Calls are growing for the immediate release of Kashmiri journalist Aasif Sultan, who on May 25th (Tuesday) completed 1000 days in prison. Journalists and activists in Kashmir and globally have urged the authorities to free Sultan who they say is being punished for doing journalism.
The Committee to Protect Journalists (CPJ) on Sunday demanded the immediate release of the journalist. “He [Sultan] has been repeatedly denied bail. Journalist Aasif Sultan’s trial began in June 2019 and has been moving slowly,” they tweeted.
The incarceration of Sultan has taken a heavy toll on his family who are growing frustrated over ‘punishment for no crime’.
“I don’t discuss Aasif with my parents. Talking about it just makes us feel more helpless,” says his brother Omer Sultan.
Their father Mohammad Sultan is recovering from heart surgery that he underwent in March. His mother is a hypertension patient. Sultan who married in the year 2016 has a three-year-old daughter. At the time of his arrest in August 2018, his daughter was only six months old.
Sultan was detained three years ago by the police in a night raid at his home on charges of ‘harbouring militants’ and booked under the draconian Unlawful Activities Prevention Act (UAPA). He was named in a case about a gunfight between police and militants that took place in the Batmaloo neighbourhood of Srinagar city where Sultan lives.
Weeks before his arrest, however, Sultan had penned a story profiling Kashmiri militant Burhan Wani who was killed in 2016 in a gunfight with the Indian army and had since become a symbol of protests against the government in the Kashmir region.
The 34-year-old journalist covered politics and human rights for Kashmir Narrator, a monthly news magazine published in Srinagar. The publication, however, shut down in April 2019.
Founder and editor of Kashmir Narrator Showkat Motta questioned the extended delay in Aasif’s case. “Why would it take 1000 days for the so-called evidence to be established?” he asks.
Last year, CPJ along with 400 journalists had written a letter to Prime Minister Narendra Modi demanding his immediate release. The group had said: “Interviewing alleged militants or having sources that are critical of the government is within the scope of a journalist’s job and does not implicate them in any crime. Events in Kashmir are of public interest, and covering them is a public service, not a criminal act.”
In May this year, the Committee for Protection of Journalists had written a letter to the European Commission and the European Council to urge Indian authorities for Sultan’s release in view of the surging infection and deaths due to the pandemic.
Sultan’s lawyer Abdullah Pandit told Maktoob that there are chances that Sultan will be released soon. “Hopefully, we can secure his release in coming weeks,” Pandit said. According to him, the delay has been ‘natural’, due to the onset of the pandemic and the abrogation of article 370 in Kashmir which led to lockdowns and thus affected the functioning of courts.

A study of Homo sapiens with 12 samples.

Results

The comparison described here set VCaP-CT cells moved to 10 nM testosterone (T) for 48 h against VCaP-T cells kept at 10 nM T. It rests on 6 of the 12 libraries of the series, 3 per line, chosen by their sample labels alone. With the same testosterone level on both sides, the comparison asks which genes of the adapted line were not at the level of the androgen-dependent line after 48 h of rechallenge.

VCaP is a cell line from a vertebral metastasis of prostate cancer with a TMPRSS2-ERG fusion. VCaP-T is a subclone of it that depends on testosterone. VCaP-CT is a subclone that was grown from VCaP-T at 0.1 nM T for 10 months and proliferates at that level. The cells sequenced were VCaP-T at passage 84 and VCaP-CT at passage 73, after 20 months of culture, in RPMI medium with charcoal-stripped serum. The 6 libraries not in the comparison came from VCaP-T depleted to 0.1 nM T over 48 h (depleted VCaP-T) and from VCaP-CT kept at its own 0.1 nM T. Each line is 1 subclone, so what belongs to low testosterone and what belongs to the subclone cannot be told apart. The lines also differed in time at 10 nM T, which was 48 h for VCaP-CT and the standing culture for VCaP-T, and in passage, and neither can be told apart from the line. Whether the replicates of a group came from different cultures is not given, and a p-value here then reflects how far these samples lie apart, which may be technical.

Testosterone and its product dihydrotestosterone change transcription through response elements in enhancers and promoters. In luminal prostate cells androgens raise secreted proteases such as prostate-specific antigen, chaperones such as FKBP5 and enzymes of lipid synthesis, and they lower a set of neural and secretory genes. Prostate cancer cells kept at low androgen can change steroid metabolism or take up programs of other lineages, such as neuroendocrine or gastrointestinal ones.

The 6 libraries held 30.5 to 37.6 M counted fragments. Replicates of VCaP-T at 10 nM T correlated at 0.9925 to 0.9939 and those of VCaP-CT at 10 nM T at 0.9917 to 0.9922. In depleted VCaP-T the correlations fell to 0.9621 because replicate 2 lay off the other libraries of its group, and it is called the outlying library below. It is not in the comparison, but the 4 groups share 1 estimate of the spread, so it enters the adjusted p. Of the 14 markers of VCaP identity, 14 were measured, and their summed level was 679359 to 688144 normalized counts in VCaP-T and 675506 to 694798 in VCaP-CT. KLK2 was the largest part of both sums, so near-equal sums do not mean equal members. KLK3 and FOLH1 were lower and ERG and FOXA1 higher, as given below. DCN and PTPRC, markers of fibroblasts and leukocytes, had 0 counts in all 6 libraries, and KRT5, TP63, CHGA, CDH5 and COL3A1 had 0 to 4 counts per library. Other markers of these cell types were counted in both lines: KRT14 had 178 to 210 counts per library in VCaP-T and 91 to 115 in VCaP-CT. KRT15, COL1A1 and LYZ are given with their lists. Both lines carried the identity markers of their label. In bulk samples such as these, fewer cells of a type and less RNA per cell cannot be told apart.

Sultan was awarded the Press Freedom Award by the American National Press Club for his journalism in August 2019, while he remained in detention.
The National Press Club America had announced that it was giving its annual John Aubuchon Press Freedom Award year “to a journalist in Kashmir jailed for nearly a year for his reporting”.
Sultan also featured in TIME Magazine’s ’10 Most Urgent’ cases of threat to press freedom around the world, last year.
In February, this year, the Clooney Foundation for Justice had said that they will monitor Asif’s case closely through its Trial Watch programme. In a statement, which came a day after a court hearing in Srinagar, regarding Sultan’s bail application.
“The Clooney Foundation for Justice calls on the authorities to ensure that Sultan’s bail hearing is conducted in accordance with international human rights law and any proceedings against him respect his human rights, including his right to a fair trial and to freedom of expression.”
Crackdown on journalists in Kashmir
The Kashmir Working Journalists Association and the Kashmir Journalist Association demanded his release from “illegal custody, and action against police officials”. They also alleged that security and intelligence agencies “have been trying their best to police media in Kashmir and harassing media organisations and journalists has been a routine”
Similar instances of Kashmiri journalists being targeted and incriminated have been reported especially after August 2019 when articles 370 and 35A were revoked, stripping the region from its autonomous status.
Masrat Zahra, a freelance photojournalist, and Gowhar Geelani, an independent journalist were booked under the UAPA. The National Investigation Agency (NIA) raided the office of Greater Kashmir newspaper and the residence of AFP news agency’s journalist, Parvaiz Bukhari in October 2020. This followed a week after the office of the oldest English Daily of the region, Kashmir Times, was sealed. In September 2020, journalist Auqib Javeed said that he was slapped at the police station in Srinagar after summoned for doing a story on intimidation of Twitter users by the cyber cell of the police.
Despite criticism, the attacks on Kashmiri journalists continue. Media Watchdogs say it has a chilling effect on press freedom in the region. India’s rank in the World press freedom index has slipped down significantly in recent years under the Modi government which has been accused of cracking down on criticism and free media.